Model Predictive control for beginners by Anthony Rossiter

Chapter 1: Classical control and weaknesses

It is not the purpose of this book to teach classical control or to give a comprehensive view of the control techniques used in industry. Nevertheless, it is useful to begin from a brief summary of the sorts of techniques which are commonly used. For convenience and clarity, these will be presented in the simplest forms. This is followed by brief illustrations of the types of scenarios where such controller structures are difficult to tune effectively and robustly.

  1. Common controller structures.
  2. Non-minimum phase zeros.
  3. Incorporating constraints.
  4. Systems with delays.
  5. Multivariable systems.

1.1: Common controller structures

Gives a very brief introduction to common control structures such as PID and lead/lag.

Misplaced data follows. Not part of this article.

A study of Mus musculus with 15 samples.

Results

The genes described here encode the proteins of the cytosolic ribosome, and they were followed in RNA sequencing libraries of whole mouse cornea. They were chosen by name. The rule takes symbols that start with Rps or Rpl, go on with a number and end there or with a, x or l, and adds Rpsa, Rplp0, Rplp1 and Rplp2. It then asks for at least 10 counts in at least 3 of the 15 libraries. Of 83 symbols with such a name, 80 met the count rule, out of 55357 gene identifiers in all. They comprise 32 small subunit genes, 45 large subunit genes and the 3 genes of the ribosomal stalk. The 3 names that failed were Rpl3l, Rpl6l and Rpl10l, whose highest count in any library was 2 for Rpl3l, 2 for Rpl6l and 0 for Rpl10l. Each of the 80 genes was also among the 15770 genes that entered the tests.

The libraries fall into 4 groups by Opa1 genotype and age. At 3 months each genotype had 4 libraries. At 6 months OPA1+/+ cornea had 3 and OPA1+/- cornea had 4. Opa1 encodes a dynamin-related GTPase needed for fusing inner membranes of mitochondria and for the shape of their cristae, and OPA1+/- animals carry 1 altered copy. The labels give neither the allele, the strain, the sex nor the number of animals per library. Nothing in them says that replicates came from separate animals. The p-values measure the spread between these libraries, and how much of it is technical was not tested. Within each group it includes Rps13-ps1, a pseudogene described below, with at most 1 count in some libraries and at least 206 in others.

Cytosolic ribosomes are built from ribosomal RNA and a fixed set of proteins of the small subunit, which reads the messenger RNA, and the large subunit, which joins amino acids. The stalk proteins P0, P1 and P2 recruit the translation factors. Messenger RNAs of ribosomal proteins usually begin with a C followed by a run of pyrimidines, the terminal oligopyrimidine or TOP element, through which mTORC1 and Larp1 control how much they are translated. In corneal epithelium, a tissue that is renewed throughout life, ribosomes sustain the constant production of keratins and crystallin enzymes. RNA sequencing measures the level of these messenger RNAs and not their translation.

Gives an introduction to the efficacy of classical control structures when used with processes having right half plane zeros. Demonstrates that, at times, simple classical structures are too limited in flexibility to obtain the desired performance.


Many real processes include a significant delay. These two files introduce delays and the impact on closed-loop performance and also a common industrial solution, the so called smith predictor.


Discusses the impact of system constraints on closed-loop behaviour and demonstrates that a failure to include these systematically can have catastrophic effects. It is noted that with classical control constraints are an afterthought rather than included systematically.

 


Multivariable processes are more difficult to control due to the interaction between each input and output. This short file illustrates the issue concisely and exposes the difficulties with using classicial control approaches, but without considering in detail the potential solutions.